The blockchain technology, over the years, has found its use across various sectors and industries. One such sector is that of real estate and property related businesses. A group of auditors based out of Ohio are now researching blockchain tech for storing land records and property related transactions in the counties of Ohio.
This initiative has been undertaken by County Auditors’ Association of Ohio (CAAO). The organization is looking forward to making use of blockchain technology for the effective transfer of property related deeds among the parties involved. The CAAO comprises of a group of 13 county auditors from the state of Ohio. Commenting on this technology, CAAO president and Stark county auditor Alan Harold said:
“The goal of this working group is to consider how County Auditors can be forward thinking to improve the taxpayer experience in conveying and transferring real property.”
The CAAO has teamed up with SafeChain for this project.SafeChain is a startup which has been working towards getting land acquisition deeds and property related transactions on blockchain platforms. SafeChain will be reviewing and demonstrating the technology that powers the study which CAAO is working upon.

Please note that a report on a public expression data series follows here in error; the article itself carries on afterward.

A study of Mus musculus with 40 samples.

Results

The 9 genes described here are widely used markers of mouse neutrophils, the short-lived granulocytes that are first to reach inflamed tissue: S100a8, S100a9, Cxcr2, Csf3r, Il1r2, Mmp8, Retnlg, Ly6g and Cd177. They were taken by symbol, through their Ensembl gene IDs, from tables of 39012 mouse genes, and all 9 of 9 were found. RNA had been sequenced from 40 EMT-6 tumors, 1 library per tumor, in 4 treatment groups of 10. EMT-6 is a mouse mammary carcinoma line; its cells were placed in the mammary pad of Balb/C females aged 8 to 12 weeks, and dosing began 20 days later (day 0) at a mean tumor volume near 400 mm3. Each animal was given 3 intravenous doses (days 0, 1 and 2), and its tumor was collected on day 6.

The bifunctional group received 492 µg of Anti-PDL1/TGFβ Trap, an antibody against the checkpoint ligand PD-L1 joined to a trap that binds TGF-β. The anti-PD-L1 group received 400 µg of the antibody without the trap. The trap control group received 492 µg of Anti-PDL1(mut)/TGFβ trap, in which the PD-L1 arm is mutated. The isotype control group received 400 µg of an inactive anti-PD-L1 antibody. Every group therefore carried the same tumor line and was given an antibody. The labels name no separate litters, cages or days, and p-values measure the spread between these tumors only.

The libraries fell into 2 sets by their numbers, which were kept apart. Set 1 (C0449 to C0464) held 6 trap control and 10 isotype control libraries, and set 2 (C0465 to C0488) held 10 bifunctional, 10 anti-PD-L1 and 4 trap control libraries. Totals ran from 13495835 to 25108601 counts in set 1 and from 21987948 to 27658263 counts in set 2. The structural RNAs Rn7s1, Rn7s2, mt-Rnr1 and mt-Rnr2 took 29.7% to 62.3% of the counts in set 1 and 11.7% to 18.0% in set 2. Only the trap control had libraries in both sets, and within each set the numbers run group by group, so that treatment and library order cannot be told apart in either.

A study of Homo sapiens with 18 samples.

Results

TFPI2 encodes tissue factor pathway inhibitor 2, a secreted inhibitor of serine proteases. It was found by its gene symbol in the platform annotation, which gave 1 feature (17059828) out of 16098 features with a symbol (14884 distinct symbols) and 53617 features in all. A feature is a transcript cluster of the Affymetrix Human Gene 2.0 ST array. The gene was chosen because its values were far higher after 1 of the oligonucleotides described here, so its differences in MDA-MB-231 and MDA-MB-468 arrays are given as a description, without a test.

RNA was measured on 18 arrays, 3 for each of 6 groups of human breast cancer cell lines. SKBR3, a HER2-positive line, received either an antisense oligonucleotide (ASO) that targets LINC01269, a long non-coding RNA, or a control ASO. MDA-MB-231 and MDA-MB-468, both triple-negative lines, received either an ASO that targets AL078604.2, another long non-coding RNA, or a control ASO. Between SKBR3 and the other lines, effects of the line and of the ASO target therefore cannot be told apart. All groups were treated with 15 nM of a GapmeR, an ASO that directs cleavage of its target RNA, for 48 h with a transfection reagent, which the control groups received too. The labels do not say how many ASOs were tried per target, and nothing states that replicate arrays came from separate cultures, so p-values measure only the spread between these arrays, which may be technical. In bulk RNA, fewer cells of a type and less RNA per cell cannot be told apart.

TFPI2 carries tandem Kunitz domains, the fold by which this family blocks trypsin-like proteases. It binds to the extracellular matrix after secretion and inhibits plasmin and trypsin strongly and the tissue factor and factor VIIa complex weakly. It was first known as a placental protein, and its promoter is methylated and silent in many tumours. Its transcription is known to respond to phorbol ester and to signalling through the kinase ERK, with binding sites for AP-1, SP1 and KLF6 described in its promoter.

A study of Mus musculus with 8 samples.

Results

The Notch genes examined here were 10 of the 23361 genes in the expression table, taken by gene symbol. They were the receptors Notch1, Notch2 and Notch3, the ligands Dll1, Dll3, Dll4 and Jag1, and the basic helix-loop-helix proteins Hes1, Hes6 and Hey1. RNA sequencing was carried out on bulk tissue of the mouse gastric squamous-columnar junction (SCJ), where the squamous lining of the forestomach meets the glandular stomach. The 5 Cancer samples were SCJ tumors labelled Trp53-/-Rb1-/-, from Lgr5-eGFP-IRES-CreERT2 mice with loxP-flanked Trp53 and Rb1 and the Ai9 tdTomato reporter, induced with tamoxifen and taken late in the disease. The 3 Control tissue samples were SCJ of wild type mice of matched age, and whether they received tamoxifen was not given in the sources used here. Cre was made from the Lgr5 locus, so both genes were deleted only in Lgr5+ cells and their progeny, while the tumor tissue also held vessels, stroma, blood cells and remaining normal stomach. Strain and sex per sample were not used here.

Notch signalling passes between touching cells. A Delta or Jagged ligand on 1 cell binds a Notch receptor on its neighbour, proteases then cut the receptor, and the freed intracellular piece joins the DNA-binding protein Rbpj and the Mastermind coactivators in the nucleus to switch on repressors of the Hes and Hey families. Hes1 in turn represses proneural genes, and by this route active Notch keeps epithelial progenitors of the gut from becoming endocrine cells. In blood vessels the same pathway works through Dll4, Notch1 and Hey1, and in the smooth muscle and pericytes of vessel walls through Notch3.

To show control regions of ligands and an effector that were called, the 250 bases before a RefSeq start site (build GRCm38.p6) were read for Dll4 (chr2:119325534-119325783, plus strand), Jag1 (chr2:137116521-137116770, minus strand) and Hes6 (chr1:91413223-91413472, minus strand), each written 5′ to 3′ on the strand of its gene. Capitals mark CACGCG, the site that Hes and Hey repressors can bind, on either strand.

SafeChain believes that land deeds and property-related transactions are often quite time-consuming. However, with the use of blockchain tech, the process would not only become faster but also safer.
Interestingly, getting land records on a blockchain platform has been an idea that has been explored several times in the past. In the recent past, Wyoming’s Teton County also came up with a similar idea. Last year, there was a buzz about such an idea in India as well - even the United Nations Development Program (UNDP) had backed this idea.
The blockchain technology has found use across multiple sectors - and land records are just one of the aspects. Talking of blockchains, Ohio has been quite a blockchain-friendly state in the past. Last year, it became the first state in the US to allow businesses to pay tax in the form of cryptocurrencies. Ohio is also the first US state to consider data stored on blockchain records as legal evidence (the same happened in China a few months later). The state is pitching itself as a major hub for blockchain developments. It would be interesting to see if this strategy attracts investors towards the state!